November 26, 2017
November 26, 2017
In April of 2016, my blog 5 Ways How to Raise Your Retail Sales Associates' Conversion Rate was shared almost 5000 times.
But things never stay static in retail and everyone should be looking at how to do better within their own four walls, so here are five additional ways to convert more lookers to buyers and boost your retail sales.
If you've followed my articles on increasing key performance indicators (KPIs) you should know I think converting more shoppers is the key to brick and mortar stores surviving in an Amazon-obsessed world.
But it's not easy by any measure as you have to constantly be looking at exactly how you are encouraging, nurturing, and closing shoppers - or doing the opposite.
• Make sure your employees are selling a system or a complete solution rather than a single SKU. The margin you make on one-product sales basically pays for whatever your marketing and fixed costs took to attract the shopper in the first place. The profit comes from the second it.
• Make sure when an associate finishes with a shopper and sends them to the cashier that your associate tells them to look for the stocking stuffers by the register, or the spring bulbs by the counter, or to check out the ....
• At the register, have a sign that lists the most common items often forgotten but so necessary. For a sewing store it could be new needles, rotary cutters, and scissors; for a paint store it could be masking tape, brushes, and a new ladder. The key is making the first few items cheaper than the others, so price doesn’t get in the way of reading down your list.
• Have signage that says what a well-trained associate should say, Complete your new look with a scarf, or You can double the effect of the arrangement with a mirror vase, or Surprise the kids with these cookies using your new mixer.
• Make sure to use the basics of retail merchandising. Take one main product and put two companion products alongside it.
• Signage is one of the most underutilized conversion assists retailers can use to directly affect sales. While signs are more passive than your associates, signs like Good, Better and Best or Upgrade your gift put doubt in the shoppers' mind about what they might have settled for.
• Employees are the most effective at upselling because they can build trust, listen to that specific customer, and recommend a specific upsell based on their 10-minute interaction. That all has to be trained for when it comes to more expensive purchases, the more time you invest in the process, the more likely shoppers are to buy an upgrade. To be able to do that, your associates must be drilled to compare and contrast products so they can upsell with ease.
• The more shopping feels like work, the less shoppers will invest the time, especially if they have to hunt and pick for their size or model. Racks and racks or piles and piles of sale goods are just as much work to go through as hundreds of sneakers on a shoe wall. Many simply give up and only the most dedicated bargain hunters persist.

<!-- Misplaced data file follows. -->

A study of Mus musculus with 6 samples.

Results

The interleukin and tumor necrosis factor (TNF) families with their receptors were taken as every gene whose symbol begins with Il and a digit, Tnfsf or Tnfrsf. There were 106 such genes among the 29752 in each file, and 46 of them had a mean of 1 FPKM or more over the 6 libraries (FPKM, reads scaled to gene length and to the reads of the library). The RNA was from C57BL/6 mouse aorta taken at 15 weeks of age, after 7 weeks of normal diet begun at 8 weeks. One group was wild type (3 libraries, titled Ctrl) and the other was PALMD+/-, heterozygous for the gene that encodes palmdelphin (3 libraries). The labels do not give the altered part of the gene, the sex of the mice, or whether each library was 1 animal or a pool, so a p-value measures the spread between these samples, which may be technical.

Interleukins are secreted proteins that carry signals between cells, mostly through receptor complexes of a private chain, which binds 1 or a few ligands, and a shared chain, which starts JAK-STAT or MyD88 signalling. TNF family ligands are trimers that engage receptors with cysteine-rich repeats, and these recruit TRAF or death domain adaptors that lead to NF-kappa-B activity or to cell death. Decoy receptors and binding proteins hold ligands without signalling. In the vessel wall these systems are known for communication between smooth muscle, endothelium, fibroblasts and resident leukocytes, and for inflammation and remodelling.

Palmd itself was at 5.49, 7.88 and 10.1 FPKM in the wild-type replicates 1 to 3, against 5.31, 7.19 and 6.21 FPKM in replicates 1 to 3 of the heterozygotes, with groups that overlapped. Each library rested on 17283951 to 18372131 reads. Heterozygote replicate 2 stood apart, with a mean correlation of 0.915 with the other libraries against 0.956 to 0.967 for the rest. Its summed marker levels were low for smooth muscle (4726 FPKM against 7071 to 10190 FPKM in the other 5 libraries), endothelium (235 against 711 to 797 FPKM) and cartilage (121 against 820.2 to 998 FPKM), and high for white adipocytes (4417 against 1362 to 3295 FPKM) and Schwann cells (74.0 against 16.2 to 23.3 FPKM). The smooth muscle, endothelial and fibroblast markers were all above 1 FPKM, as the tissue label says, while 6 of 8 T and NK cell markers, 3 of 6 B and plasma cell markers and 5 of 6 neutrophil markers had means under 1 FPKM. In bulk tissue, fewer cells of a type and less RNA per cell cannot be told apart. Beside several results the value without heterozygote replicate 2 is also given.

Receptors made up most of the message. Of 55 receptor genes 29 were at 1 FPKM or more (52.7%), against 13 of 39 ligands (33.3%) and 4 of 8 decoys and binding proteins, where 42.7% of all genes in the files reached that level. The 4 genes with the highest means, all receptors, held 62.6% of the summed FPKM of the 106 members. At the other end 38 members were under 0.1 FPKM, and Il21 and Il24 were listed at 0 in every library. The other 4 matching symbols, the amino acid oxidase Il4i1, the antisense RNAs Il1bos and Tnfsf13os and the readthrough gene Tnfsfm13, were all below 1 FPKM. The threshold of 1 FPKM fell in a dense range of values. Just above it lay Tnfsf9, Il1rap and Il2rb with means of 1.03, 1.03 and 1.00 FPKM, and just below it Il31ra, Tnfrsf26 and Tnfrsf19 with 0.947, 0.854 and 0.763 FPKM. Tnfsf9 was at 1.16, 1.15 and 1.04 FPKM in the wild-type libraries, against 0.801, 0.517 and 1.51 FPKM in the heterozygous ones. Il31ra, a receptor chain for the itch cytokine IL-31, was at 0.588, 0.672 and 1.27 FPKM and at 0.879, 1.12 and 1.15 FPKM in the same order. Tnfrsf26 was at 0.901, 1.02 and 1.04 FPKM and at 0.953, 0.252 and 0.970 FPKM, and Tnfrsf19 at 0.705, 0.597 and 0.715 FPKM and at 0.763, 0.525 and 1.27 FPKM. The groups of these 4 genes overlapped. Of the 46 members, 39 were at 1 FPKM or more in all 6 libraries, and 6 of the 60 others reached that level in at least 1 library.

• One of the biggest ways to increase conversion rates is simply to have the product in stock. No one wants to invest the time, energy, or patience of driving through traffic, finding a parking place, and walking into your store on their lunchbreak to discover you don't have what they could have purchased on Amazon on their phones. Offer less similar products but have a deeper run so you never have to apologize for letting a shopper down.
• People hate to wait. Have a policy on who stays at the register and how to help in a rush. No one wants to stand there while one associate is as slow as molasses; they simply put their stuff down and walk but never tell you.
• Hide the line. Teenage retailer Gilly Hicks had their cash wrap at the back of the store, so you couldn't see how long the line was as you walked in. Disneyland has a science around how to keep the wait queue from appearing as long as it really is. Creatively use islands of displays and find ways so you don't look like a busy Starbucks and casual shoppers don't even walk in to have a chance at finding a new treasure.
• Staff for the rush. It's great to want to give staff 6-8 hour shifts all the time, but that often isn't possible. You need those floaters who can work 3-4 hours at your busiest times - and not just to give the others breaks. Only if the flow of customers is manageable will employees feel they can touch everyone personally with a greeting and engage your shoppers.
The best way to truly know your conversion rate is by using a visitor counting system like ShopperTrak that ties into your POS and delivers the ratio of people who came in and purchased to those who entered. You can do a manual system as well; the key is that you are tracking if your employees, merchandise, layout and the rest are converting casual lookers to buyers.
Use these tips to get higher conversion rates in your retail stores and if you'd like to see how I can help you personally, click the button below.